It’s similar to another concept — motivated reasoning, where we come to conclusions we’re predisposed to believe in.
It is the feeling that our perception of the world reflects the truth.
Of all our senses, we tend to trust our eyes the most. And we believe that the way we see the world is ...
It gives us the space, the opportunity and the awareness that we could do something about them.
What’s so hard about dealing with our biases is how silently they operate in our minds. ...
Thinking of your future self as if it is another person has serious implications: We might choose to procrastinate and let the "other" person deal with the future consequences or problems on today's choices.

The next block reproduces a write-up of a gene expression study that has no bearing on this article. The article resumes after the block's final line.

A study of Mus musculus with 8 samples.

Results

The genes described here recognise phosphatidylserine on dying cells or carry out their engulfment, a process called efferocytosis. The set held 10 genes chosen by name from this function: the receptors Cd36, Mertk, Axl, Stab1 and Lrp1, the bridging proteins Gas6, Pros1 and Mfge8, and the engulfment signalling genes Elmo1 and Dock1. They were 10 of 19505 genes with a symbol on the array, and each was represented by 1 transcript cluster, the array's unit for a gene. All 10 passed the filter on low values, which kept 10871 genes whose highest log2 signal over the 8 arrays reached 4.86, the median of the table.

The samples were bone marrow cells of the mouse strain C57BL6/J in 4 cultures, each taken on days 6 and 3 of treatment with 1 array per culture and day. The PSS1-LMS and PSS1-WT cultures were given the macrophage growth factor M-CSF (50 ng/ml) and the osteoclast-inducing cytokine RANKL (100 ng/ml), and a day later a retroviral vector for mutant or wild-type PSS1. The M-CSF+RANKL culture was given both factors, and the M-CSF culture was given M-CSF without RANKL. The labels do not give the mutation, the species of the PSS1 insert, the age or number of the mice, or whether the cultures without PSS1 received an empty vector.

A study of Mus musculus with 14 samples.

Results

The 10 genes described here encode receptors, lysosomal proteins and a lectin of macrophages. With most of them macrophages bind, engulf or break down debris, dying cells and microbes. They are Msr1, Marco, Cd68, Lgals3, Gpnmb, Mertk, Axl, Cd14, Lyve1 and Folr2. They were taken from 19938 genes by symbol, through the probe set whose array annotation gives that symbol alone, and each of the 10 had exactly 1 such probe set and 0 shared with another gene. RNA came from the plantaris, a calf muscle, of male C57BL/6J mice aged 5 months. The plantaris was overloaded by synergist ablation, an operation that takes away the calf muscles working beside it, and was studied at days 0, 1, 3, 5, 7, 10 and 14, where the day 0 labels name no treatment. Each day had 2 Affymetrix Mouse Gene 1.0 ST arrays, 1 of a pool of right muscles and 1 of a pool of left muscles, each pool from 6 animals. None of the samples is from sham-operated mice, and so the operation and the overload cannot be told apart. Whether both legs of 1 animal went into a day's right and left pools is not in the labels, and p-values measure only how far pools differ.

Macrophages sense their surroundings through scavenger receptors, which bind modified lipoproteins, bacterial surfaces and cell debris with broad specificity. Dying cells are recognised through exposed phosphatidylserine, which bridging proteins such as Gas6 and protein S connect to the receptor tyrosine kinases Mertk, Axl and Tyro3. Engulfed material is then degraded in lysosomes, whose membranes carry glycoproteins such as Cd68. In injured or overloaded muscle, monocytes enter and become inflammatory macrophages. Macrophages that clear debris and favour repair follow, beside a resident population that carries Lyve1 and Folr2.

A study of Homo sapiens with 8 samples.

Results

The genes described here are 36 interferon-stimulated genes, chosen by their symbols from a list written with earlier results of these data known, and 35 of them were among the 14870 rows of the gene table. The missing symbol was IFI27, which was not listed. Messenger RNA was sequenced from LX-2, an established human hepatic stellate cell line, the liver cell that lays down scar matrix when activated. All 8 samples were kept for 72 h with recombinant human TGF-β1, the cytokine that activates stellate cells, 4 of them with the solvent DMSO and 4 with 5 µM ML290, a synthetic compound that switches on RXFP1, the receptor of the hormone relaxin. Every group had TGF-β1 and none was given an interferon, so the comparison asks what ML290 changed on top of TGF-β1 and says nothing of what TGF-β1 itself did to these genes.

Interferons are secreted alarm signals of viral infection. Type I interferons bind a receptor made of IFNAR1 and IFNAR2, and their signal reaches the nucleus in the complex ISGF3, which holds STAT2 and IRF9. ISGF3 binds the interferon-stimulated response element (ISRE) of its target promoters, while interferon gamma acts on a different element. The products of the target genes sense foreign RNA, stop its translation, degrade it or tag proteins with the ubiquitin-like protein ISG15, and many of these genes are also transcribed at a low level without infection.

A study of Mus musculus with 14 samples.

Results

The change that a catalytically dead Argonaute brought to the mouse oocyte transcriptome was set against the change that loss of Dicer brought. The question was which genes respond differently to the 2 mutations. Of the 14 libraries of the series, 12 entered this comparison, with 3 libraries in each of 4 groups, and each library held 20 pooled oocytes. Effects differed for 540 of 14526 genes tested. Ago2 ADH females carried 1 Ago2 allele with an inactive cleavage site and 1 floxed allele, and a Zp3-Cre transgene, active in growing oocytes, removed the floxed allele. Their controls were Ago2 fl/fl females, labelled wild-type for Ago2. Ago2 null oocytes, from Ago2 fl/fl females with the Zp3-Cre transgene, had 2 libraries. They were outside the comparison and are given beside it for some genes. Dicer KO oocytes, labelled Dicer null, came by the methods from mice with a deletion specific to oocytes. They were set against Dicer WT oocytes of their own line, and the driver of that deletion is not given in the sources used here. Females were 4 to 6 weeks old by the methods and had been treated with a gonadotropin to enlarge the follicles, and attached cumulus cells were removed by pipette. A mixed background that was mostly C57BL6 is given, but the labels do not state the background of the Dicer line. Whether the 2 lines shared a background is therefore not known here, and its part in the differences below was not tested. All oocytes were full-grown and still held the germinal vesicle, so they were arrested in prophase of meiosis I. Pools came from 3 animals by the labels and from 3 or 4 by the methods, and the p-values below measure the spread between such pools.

Under particular circumstances (involving high anxiety or a major reward) our brains cause us to perceive the world around us in ways that contradict and distort objective reality. It's when we'...
Psychologists call this “the anchoring bias.”
After we’ve made a decision, even an illogical one, we tend to cling to it. That is, we filter out dissenting information while seeking data that confirms our original viewpoints.
Is the human tendency to seek, interpret and remember information that confirms pre-existing beliefs.
It affects every choice you make and it all happens in the background withou...
You seek evidence that confirms your beliefs because being wrong feels unpleasant.
Being wrong means you’re not as smart as you thought. So you end up seeking information that confirms what you already know.